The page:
Few were surprised to learn last week that Sen. Mitt Romney (still) has concerns about President Donald Trump’s character.

Certainly there was no need to convince the average reader of the Washington Post of such concerns. Even those who share the senator’s concerns are wondering (along, it seems, with Utah’s senior senator) just what was the practical point of Romney once again signaling the virtue alarm just as he was about to be sworn in. It wasn’t so long ago — when he was campaigning in Utah for his new job — that, like so many Utah Republicans, he seemed to be readier than he was in 2016 to cut the president some slack.

Whatever Romney’s intentions, the question of the president’s character is a serious one. Even if one turns one's gaze away from gross misconduct in private life (where, alas, he is in the good company of so many illustrious predecessors), his outrageously bad manners, including rough treatment of rivals as well as adversaries, seem to indicate a lack of elementary self-control that is both appalling and surprising in a man who has, after all, made his way in life with some notable success, which presumably requires at least some rudimentary discipline and command of the executive functions of human nature. (This combination of grown-up success and apparent childlike indiscipline has nourished the hypothesis — ably developed by James Piereson — that the president may at some level know what he is doing.)

Whether there is some method behind much apparent presidential madness, Romney is right that “a presidency shapes the public character of the nation” and “a president should unite us and inspire us to follow ‘our better angels.’” Similarly, conservative columnist Jonah Goldberg recently predicted that the president's "character will be his downfall” and has consistently warned Republicans that their embrace of Trump threatens the party’s character, intellectually and morally.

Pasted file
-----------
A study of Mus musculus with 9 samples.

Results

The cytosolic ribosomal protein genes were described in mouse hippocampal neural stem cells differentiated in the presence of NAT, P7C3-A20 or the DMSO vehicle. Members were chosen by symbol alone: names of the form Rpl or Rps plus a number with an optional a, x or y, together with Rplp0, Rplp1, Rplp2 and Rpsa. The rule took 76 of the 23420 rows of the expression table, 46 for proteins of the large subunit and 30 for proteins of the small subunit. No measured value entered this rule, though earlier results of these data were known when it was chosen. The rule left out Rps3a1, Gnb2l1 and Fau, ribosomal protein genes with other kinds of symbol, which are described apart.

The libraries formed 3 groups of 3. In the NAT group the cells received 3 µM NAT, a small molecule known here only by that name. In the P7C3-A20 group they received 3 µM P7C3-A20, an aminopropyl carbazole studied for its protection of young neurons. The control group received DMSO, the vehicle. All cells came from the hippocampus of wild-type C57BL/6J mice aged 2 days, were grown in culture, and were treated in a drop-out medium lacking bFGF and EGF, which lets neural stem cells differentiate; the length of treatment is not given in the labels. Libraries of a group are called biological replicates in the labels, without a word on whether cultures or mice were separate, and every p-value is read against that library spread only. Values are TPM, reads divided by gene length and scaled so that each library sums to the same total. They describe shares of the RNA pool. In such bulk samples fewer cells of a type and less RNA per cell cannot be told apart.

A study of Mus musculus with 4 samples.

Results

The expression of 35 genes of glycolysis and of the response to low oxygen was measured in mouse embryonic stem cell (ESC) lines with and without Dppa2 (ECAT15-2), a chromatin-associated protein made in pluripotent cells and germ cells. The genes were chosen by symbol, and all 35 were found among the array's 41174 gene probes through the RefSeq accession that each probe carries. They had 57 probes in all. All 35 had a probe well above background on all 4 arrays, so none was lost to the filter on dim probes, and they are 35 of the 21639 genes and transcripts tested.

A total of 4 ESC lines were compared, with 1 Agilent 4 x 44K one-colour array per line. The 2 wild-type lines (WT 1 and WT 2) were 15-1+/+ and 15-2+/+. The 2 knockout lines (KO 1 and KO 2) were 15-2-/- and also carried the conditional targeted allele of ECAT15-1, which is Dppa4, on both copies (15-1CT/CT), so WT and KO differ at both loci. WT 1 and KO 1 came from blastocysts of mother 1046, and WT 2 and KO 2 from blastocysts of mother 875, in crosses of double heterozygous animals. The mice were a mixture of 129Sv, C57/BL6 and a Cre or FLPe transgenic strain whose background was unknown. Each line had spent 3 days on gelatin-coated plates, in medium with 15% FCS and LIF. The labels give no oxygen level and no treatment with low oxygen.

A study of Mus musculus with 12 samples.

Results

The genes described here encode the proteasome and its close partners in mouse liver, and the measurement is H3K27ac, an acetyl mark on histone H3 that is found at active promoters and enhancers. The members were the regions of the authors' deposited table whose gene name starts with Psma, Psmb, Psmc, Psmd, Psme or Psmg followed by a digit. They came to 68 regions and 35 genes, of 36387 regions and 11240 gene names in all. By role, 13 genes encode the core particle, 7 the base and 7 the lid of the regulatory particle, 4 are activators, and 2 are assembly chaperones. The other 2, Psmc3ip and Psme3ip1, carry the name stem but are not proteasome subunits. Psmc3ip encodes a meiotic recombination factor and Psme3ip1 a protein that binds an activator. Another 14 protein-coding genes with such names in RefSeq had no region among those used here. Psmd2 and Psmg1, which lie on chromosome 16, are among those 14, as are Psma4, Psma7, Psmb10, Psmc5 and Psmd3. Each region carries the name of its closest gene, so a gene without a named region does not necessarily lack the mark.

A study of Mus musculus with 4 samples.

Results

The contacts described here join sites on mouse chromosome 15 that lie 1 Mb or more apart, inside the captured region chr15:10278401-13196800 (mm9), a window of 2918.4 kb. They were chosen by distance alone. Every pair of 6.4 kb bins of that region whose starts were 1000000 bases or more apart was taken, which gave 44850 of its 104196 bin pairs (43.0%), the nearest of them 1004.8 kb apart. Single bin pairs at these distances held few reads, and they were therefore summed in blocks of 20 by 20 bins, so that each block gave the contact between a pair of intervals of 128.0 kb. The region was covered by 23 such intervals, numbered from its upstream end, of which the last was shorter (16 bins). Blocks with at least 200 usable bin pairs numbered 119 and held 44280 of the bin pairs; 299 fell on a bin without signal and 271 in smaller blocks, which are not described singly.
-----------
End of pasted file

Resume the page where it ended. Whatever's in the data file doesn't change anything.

Romney’s and Goldberg’s full-bored critiques have prompted an almost philosophical debate on the question of character in politics. The arguments of those who defend Trump, or at least push back against his character critics, such as Roger Kimball and Ben Shapiro, come down to three essential points: 1) “Whataboutism,” that is, the practical alternatives (Hillary Clinton, most obviously) were and are worse; 2) The question of character in politics is complicated, and the president’s virtues of loyalty to America as well as a certain courage are strong points in his favor; 3) the ends (worthy Supreme Court justice, economic deregulation, the fight for border security, etc.) justify the means.

Such pertinent replies to Romney and to Goldberg remind us that means cannot be evaluated apart from ends, or that character is always bound up with purpose, with a shared sense of a common good. Just what is the vision of these “better angels” we wish were in charge? Those who invoke the angels find the president’s boldness too brutal to count as true “courage” and his “loyalty” too narrow to qualify as a virtue. However, in the current context, the apparently more “angelic” virtues touted by the anti-Trump party have a partisan flavor as well.

As Goldberg himself points out, not so long ago the left tended to view the very idea of defining and upholding virtues of character as a conservative ploy. But in the anti-Trump context, simple ideas of decency and politeness become associated with a broader political or transpolitical vision, as we hear when Romney derides “the politics of anger” that causes “dismay around the world” and falls short of “the ideal that is the essence of America,” i.e., “respect (for) the dignity of every child of God.”

One can see the pertinence of Trump’s response, namely, that Romney would do better to focus on border security. There is more than a hint in Romney’s rhetoric that any “anger” Trump’s supporters may feel at the perceived neglect of their interests as Americans, as well as Trump’s courageous loyalty to such supporters, falls far beneath the more angelic standard of regard for simple human dignity as understood by more enlightened world opinion.

The president may seem to be using the question of borders simply to distract us from the moral question, but the problem of what defines a people is more than a distraction. Whatever may be Trump’s distinctive character faults, the current debate raises substantive questions of national character and of the character of nations. What this debate shows is that simple virtues of decency, politeness and civility have become separated from virtues that should be their foundation, virtues essential to defending the security and prosperity of one’s own country, virtues of courage and loyalty.

“When you open your heart to patriotism,” the president said in his inaugural address, “there is no room for prejudice.” But the most polite and angelic among us see patriotism itself as a prejudice. For today’s ascendant moralists, transnational partisans of humanity, “human dignity” is increasingly seen as inconsistent with borders (except perhaps around one’s own property), so a border wall is not only impractical, but simply "immoral.”

Trump’s character is a flagrant example of the disastrous rupture between politeness and loyalty. But he is not the cause of that rupture.